You have questions. I have some answers.
Q: Will the show "Unorthodox" be back? Enjoyed the four episodes.
A: The Netflix series about "a Hasidic Jewish woman in Brooklyn who flees to Berlin from an arranged marriage" is not going to continue. Producer Anna Winger told Metro.co.uk that "we're not doing a sequel to this because we feel that we really told this story. It was always designed as a mini-series. I suspect that I will work with these actors again, and with many of my collaborators from this project. We have a lot of new things in development. So it's not the end of the road for this constellation, but I don't think we'll tell this story again. We've told it."
Q: On "NCIS: Los Angeles" the lead lady, I believe named Kensi, appears to have something different about her right eye. She has had it for a long time. Is this some kind of injury she picked up?
A: That's a birthmark you're seeing on Daniela Ruah, who plays Kensi Blye on the CBS drama. She explained it to Esquire magazine in 2011. "It's a birthmark called nevus of Ota," she said. "It covers the whole white of my eye and darkens it. The square of the eye, the white part, is completely dark on my right eye, not just the iris. ... It doesn't affect my vision or anything like that."
When the interview mentioned seeing pictures with white in that eye, Ruah said, "Photoshop. It drives me crazy. This is my eye, my little trademark. Not long ago, I started adding a little smiley face when I sign an autograph, and one of the eyes is darker."
Q: There is a local channel running all of the "Seinfeld" episodes and I am watching religiously as I still find them very funny. However, the characters on the show, especially Jerry and Elaine, seem to have had many, many sexual partners over the course of the series' run. I am wondering if anyone has researched or kept track of the numbers.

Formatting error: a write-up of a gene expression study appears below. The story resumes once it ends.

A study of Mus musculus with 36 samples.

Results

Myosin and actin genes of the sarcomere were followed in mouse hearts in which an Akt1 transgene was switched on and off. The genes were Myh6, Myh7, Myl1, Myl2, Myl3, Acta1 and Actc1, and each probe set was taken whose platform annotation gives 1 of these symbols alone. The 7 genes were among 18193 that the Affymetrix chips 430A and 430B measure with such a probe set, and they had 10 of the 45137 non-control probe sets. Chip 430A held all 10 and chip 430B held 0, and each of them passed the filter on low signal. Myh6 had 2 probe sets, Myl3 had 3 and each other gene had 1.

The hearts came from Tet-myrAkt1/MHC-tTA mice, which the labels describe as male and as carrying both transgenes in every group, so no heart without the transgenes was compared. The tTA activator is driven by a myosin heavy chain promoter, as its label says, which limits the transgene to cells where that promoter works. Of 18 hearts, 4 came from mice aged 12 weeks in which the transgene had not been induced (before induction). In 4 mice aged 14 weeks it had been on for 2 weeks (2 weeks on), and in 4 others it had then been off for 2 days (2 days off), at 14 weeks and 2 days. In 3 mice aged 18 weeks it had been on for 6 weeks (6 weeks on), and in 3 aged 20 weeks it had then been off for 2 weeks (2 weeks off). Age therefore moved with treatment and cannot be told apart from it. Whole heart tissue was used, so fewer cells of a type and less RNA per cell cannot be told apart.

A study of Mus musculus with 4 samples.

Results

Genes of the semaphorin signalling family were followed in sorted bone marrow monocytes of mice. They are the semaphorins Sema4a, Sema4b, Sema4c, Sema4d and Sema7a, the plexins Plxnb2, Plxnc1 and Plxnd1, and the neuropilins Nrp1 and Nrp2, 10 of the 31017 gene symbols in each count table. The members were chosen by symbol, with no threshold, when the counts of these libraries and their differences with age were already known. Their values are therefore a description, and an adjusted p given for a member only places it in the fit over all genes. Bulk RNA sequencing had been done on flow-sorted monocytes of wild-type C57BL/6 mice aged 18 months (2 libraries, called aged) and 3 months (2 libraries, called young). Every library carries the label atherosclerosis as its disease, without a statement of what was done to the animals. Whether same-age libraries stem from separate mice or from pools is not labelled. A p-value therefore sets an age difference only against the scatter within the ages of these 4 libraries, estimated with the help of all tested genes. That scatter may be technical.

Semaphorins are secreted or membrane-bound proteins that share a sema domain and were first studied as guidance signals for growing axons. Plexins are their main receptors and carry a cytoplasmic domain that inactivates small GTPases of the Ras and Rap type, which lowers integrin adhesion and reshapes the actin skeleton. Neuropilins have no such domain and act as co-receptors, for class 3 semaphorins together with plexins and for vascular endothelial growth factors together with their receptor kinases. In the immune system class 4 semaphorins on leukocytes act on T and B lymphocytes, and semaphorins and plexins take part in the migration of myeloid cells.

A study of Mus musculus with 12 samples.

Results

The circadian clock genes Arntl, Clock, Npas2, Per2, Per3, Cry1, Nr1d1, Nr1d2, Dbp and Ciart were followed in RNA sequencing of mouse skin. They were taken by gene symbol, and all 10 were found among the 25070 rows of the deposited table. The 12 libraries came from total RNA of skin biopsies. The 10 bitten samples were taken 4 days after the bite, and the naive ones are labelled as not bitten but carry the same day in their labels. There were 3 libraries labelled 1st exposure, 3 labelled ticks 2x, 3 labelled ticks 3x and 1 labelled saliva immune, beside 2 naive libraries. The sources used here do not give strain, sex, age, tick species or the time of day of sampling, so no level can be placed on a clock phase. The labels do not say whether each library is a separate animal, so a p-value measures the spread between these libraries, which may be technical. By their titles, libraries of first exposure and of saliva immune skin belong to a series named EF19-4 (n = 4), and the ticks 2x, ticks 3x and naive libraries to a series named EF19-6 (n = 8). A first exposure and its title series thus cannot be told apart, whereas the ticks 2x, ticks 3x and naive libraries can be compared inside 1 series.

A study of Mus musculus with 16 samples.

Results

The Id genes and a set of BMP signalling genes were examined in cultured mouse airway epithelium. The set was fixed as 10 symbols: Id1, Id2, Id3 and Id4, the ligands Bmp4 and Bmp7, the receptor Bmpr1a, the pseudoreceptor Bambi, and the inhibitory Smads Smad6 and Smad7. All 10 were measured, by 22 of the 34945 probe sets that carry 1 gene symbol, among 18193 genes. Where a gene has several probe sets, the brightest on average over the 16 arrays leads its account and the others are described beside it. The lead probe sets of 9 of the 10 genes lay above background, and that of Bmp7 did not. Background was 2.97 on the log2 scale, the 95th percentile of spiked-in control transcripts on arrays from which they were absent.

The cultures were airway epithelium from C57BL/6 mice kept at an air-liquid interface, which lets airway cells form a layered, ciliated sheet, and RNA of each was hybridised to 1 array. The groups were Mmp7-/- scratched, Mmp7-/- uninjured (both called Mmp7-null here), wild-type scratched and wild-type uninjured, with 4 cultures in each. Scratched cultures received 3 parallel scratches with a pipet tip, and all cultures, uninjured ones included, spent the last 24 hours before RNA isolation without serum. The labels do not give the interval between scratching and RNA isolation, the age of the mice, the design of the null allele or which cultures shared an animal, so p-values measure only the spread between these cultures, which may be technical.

A: Although these folks were apparently busy getting busy, the actual estimates vary. For example, blog kramersapartment.com cites a "Seinfeld" DVD set saying there are 73, counting both those seen and those alluded to. Elaine tallies 50 according to WikiSein and 56 on kramersapartment.com. Before you ask, George clocks in between 47 and 62, the latter the WikiSein count, and one tally I saw for Kramer, on kramersapartment.com, is 16.
Q: I have become a fan of the series "Hogan's Heroes" (please don't judge me!). Could you tell me how that series ended?
A: First, no judging here. "Hogan's Heroes" was one of my father's favorite shows. But if you were expecting something like World War II ending and the inmates going free, it didn't happen.
As is common for many shows even now, "Hogan's" 1965-71 run ended without a finale, just with cancellation. And, as Noel Murray of the AV Club once wrote, the last televised episode, "Rockets or Romance," was not even the last episode made. It was "one of a batch of episodes written and shot as part of the regular production cycle, then scheduled for broadcast after they were in the can. Because 'Hogan's Heroes' wasn't serialized, episodes could run in any order," Murray continued, "so the producers and the network decided later which finished episode would make the strongest season premiere, and would slot the rest according to the time of year, the expected audience, and other largely practical reasons."
Q: I am trying to find a show that I believe premiered on TNT several years ago, and then moved to a streaming network. I recently hooked up with Amazon and thought I saw it being offered but lost it. The show takes place in I believe Nevada or another Western state, it has a sheriff and his deputies which include a woman. There is also an element of organized crime in a small town.
A: When I offered information about "Longmire" as a possibility, that proved to be what you remembered. Based on the novels by Craig Johnson, it involved a Wyoming sheriff played by Robert Taylor (no relation to the old movie actor of the same name). From 2012 to 2017 it ran for three seasons on A&E before going to Netflix for three more. You can still find it, including on Netflix and on DVD.